Y: Uh, Don, why do you look like you're trying to eat that mirror?
D: I'm trying to get a good look at my molars, Yaël.
Y: Can I ask why?
D: Scientists in Australia identified a new extinct marsupial using a fossil of its molar tooth they found. Who knew teeth could say so much?
Y: Well, I don't know if your molars can tell us more about you than we already know, so why don't you put the mirror away and tell me more about this marsupial.
D: Alright, alright. Scientists found it in a fossil site in remote Queensland they recently discovered, and named it Whollydooleya tomnpatrichorum. They think it was a hypercarnivore, meaning more than seventy percent of its diet was meat, and that it probably lived during the mid or late Miocene period, so around sixteen to five million years ago. It's related to Australia's largest flesh‑eating marsupial, the Tasmanian devil, but this extinct species was a lot bigger. Whereas the Tasmanian devil weights about 22 pounds, Whollydooleya probably weighed between 44 and 55 pounds.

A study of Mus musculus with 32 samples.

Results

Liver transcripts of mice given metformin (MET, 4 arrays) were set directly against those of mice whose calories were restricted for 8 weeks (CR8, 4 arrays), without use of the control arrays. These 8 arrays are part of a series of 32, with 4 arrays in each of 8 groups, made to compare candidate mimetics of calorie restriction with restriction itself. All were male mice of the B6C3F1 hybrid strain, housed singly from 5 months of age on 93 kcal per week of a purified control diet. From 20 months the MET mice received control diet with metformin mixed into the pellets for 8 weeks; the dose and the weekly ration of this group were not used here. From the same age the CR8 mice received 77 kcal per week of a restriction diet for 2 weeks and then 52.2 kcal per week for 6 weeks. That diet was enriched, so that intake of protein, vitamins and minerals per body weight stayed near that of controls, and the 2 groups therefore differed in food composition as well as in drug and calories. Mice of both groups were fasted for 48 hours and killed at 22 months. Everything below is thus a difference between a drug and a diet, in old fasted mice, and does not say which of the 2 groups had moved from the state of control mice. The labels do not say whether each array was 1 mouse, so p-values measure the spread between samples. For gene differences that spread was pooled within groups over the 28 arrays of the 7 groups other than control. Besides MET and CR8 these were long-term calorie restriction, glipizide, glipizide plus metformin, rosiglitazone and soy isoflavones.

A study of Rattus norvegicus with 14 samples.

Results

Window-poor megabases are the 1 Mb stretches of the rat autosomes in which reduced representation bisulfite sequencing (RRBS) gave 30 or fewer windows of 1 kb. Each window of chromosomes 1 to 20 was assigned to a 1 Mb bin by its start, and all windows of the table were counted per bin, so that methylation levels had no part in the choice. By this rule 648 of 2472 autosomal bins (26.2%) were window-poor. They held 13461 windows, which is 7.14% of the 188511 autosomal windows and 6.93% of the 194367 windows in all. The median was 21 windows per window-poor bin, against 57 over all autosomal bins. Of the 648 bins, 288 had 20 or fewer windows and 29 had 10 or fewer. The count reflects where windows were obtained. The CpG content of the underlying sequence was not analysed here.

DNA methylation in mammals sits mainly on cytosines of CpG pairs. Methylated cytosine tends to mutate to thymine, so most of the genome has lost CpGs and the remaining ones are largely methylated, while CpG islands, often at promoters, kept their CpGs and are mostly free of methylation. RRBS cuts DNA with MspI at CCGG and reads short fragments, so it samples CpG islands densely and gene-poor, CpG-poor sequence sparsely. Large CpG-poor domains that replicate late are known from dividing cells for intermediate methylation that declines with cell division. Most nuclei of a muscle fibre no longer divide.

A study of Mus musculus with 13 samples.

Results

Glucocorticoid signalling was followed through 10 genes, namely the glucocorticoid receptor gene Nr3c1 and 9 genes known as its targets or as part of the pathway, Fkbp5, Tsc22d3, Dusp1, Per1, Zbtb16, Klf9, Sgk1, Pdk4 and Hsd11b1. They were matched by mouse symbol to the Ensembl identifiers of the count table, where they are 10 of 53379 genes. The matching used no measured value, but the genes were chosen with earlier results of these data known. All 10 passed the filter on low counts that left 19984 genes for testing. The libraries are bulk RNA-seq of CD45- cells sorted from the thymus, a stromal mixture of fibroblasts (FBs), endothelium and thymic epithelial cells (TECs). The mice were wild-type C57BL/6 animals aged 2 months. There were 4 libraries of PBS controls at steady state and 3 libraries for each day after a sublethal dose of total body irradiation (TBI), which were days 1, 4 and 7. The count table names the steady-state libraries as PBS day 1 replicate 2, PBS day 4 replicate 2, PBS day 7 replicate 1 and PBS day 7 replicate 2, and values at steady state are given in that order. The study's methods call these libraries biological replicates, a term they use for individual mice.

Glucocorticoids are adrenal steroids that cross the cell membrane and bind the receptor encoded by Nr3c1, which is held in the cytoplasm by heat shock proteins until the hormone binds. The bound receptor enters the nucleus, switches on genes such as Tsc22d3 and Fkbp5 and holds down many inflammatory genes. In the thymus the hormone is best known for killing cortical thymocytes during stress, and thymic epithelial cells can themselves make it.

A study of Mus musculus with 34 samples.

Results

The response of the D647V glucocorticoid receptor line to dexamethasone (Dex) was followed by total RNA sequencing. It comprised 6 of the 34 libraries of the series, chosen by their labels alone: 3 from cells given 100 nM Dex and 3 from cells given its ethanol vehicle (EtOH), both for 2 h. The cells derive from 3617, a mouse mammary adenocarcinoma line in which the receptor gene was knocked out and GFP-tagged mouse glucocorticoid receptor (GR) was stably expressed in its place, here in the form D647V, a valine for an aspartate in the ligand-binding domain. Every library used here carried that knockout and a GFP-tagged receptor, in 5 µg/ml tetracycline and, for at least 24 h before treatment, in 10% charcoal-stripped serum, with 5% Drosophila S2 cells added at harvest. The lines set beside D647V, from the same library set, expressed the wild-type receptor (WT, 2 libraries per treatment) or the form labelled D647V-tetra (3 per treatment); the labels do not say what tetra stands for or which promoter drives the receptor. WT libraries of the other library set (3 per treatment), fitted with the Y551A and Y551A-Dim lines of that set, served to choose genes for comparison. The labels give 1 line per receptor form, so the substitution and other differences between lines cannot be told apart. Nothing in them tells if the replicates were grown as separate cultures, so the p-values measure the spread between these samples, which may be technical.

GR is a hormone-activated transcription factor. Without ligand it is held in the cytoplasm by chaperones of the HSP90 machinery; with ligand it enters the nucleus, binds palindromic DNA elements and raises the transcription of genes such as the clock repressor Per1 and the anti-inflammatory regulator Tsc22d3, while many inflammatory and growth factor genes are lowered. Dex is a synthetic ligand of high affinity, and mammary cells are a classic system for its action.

Y: Pretty big. I wouldn't want to come across one of those in the Australian forest. Or desert? What was Australia like back then?
D: It was drying out a lot. Scientists don't know much about the period, but they do know that the animals were getting bigger, and the ancient wet forests were turning more and more arid. Since Whollydooleya lived during an extremely dry phase, researchers think it's possible to link its extinction with climate change.
Y: To be honest, I'm not too torn up about it--I prefer my giant flesh‑eating marsupials as fossils, anyway.